I make this stew a lot, and it’s always good, but I am always making little tweaks and adjustments to it along the way.
The first time I made it, I used a whole bone-in pork roast and cooked it for the amount of time the original recipe recommended. It was tasty – but had been too long in the slow cooker. Shorter cooking time, check. Another time, I discovered that preparing and separating the stew the day before, then straining off the fat was a very good thing.
This time? Well, I still cooked the stew a bit ahead, but not the day before, and separated and strained, and really, it does taste wonderful whether you use a pork roast or pork chops. But, let’s get into the details…
•6 pork chops
•8 small sweet peppers, halved
•5 cloves garlic, mashed
•6 scallions, white and very light green parts
•1 large yellow onion, sliced
•1 Tien-Tsin pepper, whole
•1 tsp Caribbean Calypso Seasoning
•1/2 tsp Sichuan peppercorns
•1 cup Mr Yoshida’s (teriyaki sauce)
•1/2 cup water
•1/4 tsp (or more) hot chili sesame oil
•Dark green scallion bits
•Hot cooked rice
Tumble the pork into a slow cooker with the peppers, onion, scallions, seasonings, Mr. Yoshida’s, and the water (not the sesame oil), then cover and cook on low for four or five hours, until the chops are nicely cooked and everything more or less looks like this.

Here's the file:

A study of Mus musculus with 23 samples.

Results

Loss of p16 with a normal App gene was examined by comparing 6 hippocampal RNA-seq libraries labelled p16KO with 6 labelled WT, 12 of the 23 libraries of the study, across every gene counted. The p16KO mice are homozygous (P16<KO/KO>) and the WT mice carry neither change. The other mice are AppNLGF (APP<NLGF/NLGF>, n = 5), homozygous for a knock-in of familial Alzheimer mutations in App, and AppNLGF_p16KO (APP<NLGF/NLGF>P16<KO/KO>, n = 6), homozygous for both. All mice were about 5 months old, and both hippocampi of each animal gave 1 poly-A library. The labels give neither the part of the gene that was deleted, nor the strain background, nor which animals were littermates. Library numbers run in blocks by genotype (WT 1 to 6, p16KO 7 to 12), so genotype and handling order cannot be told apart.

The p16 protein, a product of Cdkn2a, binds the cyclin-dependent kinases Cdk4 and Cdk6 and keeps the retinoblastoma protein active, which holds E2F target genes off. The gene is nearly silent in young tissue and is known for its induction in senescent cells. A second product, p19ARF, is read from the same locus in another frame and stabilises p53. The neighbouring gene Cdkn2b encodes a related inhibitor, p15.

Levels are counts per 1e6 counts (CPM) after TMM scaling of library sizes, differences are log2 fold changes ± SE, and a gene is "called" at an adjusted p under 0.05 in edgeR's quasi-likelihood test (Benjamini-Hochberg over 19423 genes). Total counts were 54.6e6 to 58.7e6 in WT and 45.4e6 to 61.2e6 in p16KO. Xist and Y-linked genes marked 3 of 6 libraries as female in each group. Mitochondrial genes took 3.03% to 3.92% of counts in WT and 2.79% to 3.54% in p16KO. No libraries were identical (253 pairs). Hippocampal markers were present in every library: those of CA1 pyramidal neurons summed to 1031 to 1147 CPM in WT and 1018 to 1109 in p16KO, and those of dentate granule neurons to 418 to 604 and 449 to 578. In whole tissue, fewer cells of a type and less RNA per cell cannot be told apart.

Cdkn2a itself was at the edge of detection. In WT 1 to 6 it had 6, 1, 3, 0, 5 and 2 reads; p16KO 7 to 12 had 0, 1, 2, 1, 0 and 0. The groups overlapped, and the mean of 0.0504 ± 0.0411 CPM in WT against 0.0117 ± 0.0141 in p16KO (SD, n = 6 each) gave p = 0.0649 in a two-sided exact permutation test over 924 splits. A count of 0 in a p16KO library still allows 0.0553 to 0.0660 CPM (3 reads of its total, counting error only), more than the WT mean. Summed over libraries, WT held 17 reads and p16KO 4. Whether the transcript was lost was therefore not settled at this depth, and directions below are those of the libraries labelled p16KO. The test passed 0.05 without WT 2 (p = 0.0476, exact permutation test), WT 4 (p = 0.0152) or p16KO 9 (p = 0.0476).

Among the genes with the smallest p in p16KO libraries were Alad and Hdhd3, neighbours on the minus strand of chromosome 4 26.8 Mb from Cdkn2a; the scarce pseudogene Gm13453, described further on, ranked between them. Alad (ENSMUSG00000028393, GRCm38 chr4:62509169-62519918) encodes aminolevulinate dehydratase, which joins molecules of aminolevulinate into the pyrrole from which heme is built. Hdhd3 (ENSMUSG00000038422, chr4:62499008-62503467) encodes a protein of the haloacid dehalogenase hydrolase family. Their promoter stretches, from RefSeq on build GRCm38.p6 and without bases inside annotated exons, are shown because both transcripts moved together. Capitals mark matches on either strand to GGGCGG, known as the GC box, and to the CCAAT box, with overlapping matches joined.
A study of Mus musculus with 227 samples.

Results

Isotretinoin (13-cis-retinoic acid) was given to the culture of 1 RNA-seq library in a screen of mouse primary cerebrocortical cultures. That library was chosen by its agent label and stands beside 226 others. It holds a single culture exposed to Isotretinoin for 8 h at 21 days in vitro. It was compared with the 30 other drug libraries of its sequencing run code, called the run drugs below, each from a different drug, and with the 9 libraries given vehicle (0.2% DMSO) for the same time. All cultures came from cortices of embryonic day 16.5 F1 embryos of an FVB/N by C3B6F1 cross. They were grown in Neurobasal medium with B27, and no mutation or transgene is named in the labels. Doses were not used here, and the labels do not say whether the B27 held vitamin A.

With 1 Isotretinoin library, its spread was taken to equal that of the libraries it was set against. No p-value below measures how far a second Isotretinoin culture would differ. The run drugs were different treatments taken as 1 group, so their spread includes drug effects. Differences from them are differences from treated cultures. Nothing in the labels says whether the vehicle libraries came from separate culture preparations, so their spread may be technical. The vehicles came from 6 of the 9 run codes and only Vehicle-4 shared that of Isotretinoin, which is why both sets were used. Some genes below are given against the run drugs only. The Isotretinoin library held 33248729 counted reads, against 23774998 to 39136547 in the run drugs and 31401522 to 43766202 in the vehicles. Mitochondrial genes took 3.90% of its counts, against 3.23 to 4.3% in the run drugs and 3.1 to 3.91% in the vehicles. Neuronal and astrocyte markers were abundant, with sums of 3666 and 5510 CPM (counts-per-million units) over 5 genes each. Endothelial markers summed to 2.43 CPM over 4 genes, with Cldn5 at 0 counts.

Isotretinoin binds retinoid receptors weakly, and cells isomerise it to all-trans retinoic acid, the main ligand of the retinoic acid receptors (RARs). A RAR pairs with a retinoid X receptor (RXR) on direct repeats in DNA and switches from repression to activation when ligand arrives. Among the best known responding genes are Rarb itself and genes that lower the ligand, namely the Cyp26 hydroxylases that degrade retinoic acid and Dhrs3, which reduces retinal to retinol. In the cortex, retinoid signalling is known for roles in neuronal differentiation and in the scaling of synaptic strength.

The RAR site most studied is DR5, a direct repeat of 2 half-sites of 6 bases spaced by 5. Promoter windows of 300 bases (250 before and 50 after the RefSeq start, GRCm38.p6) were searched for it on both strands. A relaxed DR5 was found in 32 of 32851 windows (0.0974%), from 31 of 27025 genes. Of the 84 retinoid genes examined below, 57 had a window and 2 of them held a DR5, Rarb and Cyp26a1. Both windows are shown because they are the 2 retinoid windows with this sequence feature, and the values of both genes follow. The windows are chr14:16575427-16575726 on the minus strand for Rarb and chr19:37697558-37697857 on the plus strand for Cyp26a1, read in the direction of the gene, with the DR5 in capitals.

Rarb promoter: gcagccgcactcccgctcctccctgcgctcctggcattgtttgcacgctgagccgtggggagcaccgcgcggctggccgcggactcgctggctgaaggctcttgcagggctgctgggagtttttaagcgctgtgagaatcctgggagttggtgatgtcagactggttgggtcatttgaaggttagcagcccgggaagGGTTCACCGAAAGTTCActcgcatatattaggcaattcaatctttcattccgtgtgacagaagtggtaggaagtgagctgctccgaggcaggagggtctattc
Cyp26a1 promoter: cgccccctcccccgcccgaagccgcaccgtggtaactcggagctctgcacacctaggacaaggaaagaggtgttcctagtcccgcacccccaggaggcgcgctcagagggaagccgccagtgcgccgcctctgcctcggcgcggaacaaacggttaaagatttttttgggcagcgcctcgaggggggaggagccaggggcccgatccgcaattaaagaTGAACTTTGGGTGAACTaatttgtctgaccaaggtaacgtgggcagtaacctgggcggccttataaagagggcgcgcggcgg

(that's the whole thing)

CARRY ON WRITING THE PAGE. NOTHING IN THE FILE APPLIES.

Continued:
Remove the pork and the veggies with a slotted spoon, then pick out and discard any bones or bit of fat or gristle you come across.
Strain the cooking liquid into a large bowl through a fine-meshed sieve, then drain the boned and shredded pork and veggies over all to get any last little bits of that oh-so-fine sauce.
You can skim the fat off the strained sauce, add that 1/4 tsp of hot chili sesame oil, toss everything back into the slow cooker for a quick reheat, and call it a stew; but I like to stash the sauce bowl in the fridge overnight, separate from the meat mixture, then I pull off the layer of solid fat on the top before putting the stew back together and reheating.
Serve with the toppings listed above, or any others you may like, over rice.
You could also, certainly, stir the peanut butter into the sauce once it’s been strained, but I started leaving it out so that friends with nut allergies could try the stew and found that I really prefer it without.
So, there you have it, Thai-Style Pork Stew.
Where’s the ‘twist at the end?’
Here: you would not believe how good this stew is when served over buttermilk smashed potatoes!
Well, I like it; Rich kinda gets freaked out when I mix genres. You do what you want.